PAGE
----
Something that makes experienced cyclists upset is to see someone riding a bike on the road with tires that have large rubber knobs (or “lugs”) on them. Those tires are designed for off-road bikes. They provide good grip in loose conditions and a degree of comfort on a downward ride that can be spine-tingling. On a hard flat street surface, a significant proportion of the biker’s effort goes into overcoming the rolling resistance provided by mountain bike tires.
A rider with a mountain bike with the right kind of wheel rims who intends to ride it off-road should fit it with mountain bike tires, but they should not be used on a bike that is intended for use mainly or exclusively on the road.
At the opposite extreme are “slicks” which are, essentially, bald tires with no tread, and no rolling resistance at all. Some cyclists love slicks and there are excellent examples around, but most cyclists recognise that while slicks are wonderful in dry weather, they are not ideal, and can even be dangerous, for riding on wet roads. All-weather tires is the name given to tires that have better grip and will disperse the water when the road is wet.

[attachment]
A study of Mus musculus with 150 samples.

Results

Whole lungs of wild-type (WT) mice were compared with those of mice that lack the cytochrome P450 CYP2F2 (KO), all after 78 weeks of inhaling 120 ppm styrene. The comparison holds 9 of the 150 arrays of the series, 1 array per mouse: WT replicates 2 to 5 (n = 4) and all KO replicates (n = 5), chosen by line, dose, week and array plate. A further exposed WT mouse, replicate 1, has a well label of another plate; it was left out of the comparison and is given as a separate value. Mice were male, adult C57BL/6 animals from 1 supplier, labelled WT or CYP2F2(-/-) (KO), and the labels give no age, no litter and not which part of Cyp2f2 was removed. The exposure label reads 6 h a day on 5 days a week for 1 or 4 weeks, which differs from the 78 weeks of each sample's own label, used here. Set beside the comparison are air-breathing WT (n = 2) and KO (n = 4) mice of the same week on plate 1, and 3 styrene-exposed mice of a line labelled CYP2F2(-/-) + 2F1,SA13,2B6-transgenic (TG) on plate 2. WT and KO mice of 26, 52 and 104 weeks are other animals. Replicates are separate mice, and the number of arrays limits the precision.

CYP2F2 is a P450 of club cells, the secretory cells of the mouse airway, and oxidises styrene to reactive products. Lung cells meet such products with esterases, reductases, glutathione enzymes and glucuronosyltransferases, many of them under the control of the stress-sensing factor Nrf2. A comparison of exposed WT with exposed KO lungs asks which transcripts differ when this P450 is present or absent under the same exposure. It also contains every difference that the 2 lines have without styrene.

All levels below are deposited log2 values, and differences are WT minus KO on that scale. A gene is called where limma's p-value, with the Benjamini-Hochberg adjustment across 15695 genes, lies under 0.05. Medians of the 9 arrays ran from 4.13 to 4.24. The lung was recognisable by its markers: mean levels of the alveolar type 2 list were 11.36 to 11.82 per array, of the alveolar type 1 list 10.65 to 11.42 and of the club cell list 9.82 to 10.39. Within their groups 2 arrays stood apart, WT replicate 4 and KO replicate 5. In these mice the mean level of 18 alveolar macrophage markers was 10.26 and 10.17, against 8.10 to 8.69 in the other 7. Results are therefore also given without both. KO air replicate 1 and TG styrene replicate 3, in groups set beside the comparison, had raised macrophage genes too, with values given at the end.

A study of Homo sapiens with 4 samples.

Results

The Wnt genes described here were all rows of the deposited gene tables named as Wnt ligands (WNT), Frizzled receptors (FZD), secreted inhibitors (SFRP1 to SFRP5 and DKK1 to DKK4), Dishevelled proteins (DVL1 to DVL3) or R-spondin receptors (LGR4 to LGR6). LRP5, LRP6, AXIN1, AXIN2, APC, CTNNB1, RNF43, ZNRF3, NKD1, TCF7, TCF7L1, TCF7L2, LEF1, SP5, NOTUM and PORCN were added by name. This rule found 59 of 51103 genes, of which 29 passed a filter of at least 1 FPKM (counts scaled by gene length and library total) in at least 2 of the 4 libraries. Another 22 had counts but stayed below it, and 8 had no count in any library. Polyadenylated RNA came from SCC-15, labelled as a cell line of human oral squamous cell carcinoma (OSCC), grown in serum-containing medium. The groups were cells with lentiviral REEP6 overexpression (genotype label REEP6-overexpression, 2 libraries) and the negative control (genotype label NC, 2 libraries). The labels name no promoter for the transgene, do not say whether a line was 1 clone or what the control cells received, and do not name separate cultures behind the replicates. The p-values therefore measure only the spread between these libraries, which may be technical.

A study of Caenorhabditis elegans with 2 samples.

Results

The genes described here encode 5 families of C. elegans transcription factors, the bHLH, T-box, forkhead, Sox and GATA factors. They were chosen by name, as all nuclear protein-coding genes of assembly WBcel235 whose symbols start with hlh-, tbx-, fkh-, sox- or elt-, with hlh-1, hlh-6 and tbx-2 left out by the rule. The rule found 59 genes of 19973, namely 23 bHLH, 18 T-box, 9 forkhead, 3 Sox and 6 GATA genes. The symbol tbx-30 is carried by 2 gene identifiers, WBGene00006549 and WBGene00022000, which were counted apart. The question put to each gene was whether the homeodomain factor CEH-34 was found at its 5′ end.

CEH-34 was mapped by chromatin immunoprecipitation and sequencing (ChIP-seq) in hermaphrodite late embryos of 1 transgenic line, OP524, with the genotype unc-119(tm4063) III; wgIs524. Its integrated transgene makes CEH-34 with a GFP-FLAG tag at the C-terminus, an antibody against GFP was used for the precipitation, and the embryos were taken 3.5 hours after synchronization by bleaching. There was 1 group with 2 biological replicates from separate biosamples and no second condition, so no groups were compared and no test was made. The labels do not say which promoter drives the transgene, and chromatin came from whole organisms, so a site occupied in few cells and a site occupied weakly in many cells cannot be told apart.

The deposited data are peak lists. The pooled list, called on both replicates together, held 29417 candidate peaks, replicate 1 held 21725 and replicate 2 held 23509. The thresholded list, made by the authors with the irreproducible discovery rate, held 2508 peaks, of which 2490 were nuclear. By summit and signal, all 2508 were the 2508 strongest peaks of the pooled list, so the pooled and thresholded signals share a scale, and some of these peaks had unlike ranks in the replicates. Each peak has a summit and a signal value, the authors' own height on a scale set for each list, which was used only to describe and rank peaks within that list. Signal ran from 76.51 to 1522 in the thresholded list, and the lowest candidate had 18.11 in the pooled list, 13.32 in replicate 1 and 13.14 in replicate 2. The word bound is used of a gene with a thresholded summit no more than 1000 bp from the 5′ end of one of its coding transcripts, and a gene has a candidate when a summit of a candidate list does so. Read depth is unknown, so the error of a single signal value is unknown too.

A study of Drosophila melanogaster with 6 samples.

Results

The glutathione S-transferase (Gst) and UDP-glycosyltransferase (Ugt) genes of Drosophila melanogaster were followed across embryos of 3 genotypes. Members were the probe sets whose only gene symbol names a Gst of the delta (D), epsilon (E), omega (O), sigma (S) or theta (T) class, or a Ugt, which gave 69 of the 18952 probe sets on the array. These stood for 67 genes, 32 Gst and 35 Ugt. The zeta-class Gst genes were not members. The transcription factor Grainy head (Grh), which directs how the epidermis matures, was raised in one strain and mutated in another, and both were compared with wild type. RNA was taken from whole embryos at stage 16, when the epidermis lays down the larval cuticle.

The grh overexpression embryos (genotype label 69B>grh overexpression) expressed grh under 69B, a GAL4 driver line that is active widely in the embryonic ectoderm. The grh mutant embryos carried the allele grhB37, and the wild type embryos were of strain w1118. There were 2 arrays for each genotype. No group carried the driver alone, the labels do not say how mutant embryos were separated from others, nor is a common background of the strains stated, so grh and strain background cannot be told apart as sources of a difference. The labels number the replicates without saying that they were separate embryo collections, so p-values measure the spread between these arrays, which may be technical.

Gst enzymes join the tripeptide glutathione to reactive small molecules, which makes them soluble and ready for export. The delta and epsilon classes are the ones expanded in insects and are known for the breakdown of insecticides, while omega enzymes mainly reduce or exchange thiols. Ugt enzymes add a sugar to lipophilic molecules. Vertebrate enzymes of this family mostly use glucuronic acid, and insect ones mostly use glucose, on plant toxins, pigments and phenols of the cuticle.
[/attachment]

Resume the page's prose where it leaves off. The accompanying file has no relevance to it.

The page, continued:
Cyclists who race will often use tubular tires. These come as a sealed unit, with the inner tube sewn into the casing. They need rims that are made for them, to which they are taped and glued. The majority of cyclists will use “clincher” tires where the inner tube is completely separate from the casing. In either case, it is a good idea to choose a casing with built-in Kevlar puncture protection.
Tires will usually state the range of pressures to which they should be inflated. It is important to stay within that range; a tire that is underinflated will increase the rolling resistance and is more likely to puncture or, in extreme cases of under inflation, to come off the rim while a tire that is inflated beyond the maximum figure may explode!